Interesting and insightful post that is ostensibly about a sort of memorial, but is really about the unique culture that is Second Life.
I’m on the road, and so don’t have a lot of time to either write or analyze, but I note a major story relating to Second Life. Mark Kingdon has stepped down as CEO of Linden Lab, the owner and creator of Second Life, and is being replaced by founder and original CEO Philip Rosedale, who is returning. The metaverse is much abuzz about what this might mean for the future of SL, as well as the future of education in SL. I’ll weigh in again later. It has been reported by a number of outlets: here’s a story from The Metaverse Trib.
The blogosphere that follows Second Life has been buzzing in recent months about the number of people leaving Linden Lab, some involuntarily (Linden Lab is the company behind SL). It seems that it was the precursor to a corporate restructuring. We’ll see what it means for Second Life in general and education in SL in particular.
We know that Second Life isn’t a game. Got that. Wish I could get more people to understand the difference. Nevertheless, the fact that SL uses game software for non-game purposes, and that we can take advantage of the game skills students bring, makes this article of interest for SL folks.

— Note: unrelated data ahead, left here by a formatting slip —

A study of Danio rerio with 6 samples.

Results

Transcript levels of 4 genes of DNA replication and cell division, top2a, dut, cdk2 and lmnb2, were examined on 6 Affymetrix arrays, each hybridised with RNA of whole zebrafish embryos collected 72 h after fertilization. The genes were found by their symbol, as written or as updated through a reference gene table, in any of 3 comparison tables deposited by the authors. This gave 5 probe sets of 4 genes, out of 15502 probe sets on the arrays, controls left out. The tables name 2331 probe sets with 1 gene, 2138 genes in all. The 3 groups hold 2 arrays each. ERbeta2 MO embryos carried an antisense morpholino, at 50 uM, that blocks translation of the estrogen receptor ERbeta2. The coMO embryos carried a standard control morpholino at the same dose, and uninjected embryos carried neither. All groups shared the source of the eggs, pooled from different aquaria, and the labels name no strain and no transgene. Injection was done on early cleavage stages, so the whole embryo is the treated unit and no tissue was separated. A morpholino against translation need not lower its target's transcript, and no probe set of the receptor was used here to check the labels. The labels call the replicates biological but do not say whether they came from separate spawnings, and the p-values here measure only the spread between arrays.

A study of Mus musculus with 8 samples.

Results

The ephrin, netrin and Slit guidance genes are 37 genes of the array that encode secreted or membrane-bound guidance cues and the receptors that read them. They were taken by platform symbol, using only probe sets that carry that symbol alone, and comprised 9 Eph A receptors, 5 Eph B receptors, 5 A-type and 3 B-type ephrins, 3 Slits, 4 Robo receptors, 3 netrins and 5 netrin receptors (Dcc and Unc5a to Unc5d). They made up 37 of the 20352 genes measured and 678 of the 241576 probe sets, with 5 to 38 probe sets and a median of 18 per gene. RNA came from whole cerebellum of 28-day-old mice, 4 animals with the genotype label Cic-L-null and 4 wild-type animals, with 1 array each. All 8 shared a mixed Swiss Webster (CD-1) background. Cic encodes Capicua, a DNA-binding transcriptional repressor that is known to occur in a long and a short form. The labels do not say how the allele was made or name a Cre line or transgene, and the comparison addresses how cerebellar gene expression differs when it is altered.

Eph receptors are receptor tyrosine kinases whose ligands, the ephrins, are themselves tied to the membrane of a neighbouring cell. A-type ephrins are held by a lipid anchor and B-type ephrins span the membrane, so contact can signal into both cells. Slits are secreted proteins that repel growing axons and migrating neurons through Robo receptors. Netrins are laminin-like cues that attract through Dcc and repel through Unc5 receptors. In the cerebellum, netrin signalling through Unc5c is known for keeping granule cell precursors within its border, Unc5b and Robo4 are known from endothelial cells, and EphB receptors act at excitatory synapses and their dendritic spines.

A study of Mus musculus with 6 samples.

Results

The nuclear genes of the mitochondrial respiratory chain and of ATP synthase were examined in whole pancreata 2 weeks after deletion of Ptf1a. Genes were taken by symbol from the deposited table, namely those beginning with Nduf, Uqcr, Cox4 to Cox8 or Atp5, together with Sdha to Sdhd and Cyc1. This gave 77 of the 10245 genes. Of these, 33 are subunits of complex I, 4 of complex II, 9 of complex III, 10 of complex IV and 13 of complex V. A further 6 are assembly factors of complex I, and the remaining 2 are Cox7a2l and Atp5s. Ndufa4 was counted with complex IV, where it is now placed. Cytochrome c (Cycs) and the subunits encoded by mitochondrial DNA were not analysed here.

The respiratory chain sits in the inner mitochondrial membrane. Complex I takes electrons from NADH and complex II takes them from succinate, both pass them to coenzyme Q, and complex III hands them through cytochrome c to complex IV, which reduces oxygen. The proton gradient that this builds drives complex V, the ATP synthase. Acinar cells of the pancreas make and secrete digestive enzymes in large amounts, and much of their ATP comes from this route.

Beyond Blowing Up Enemies: The Future of Games for Learning follows the two-day Games for Change festival at New York University. Among the observations:
No doubt assessment will be key to this mission. And games could transform assessment. Scratch that: games could be assessment. One powerful form of it, at least. Instead of slaying pixel-painted dragons, for instance, I discovered that you could navigate a mid-air obstacle course using the laws of physics in a quest of save the world (that’s a game in the works at Vanderbilt University) or try out different ways to save the real-life lake that is dying in your real-life town (a game being developed in Madison, Wisconsin, starring local Lake Mendota).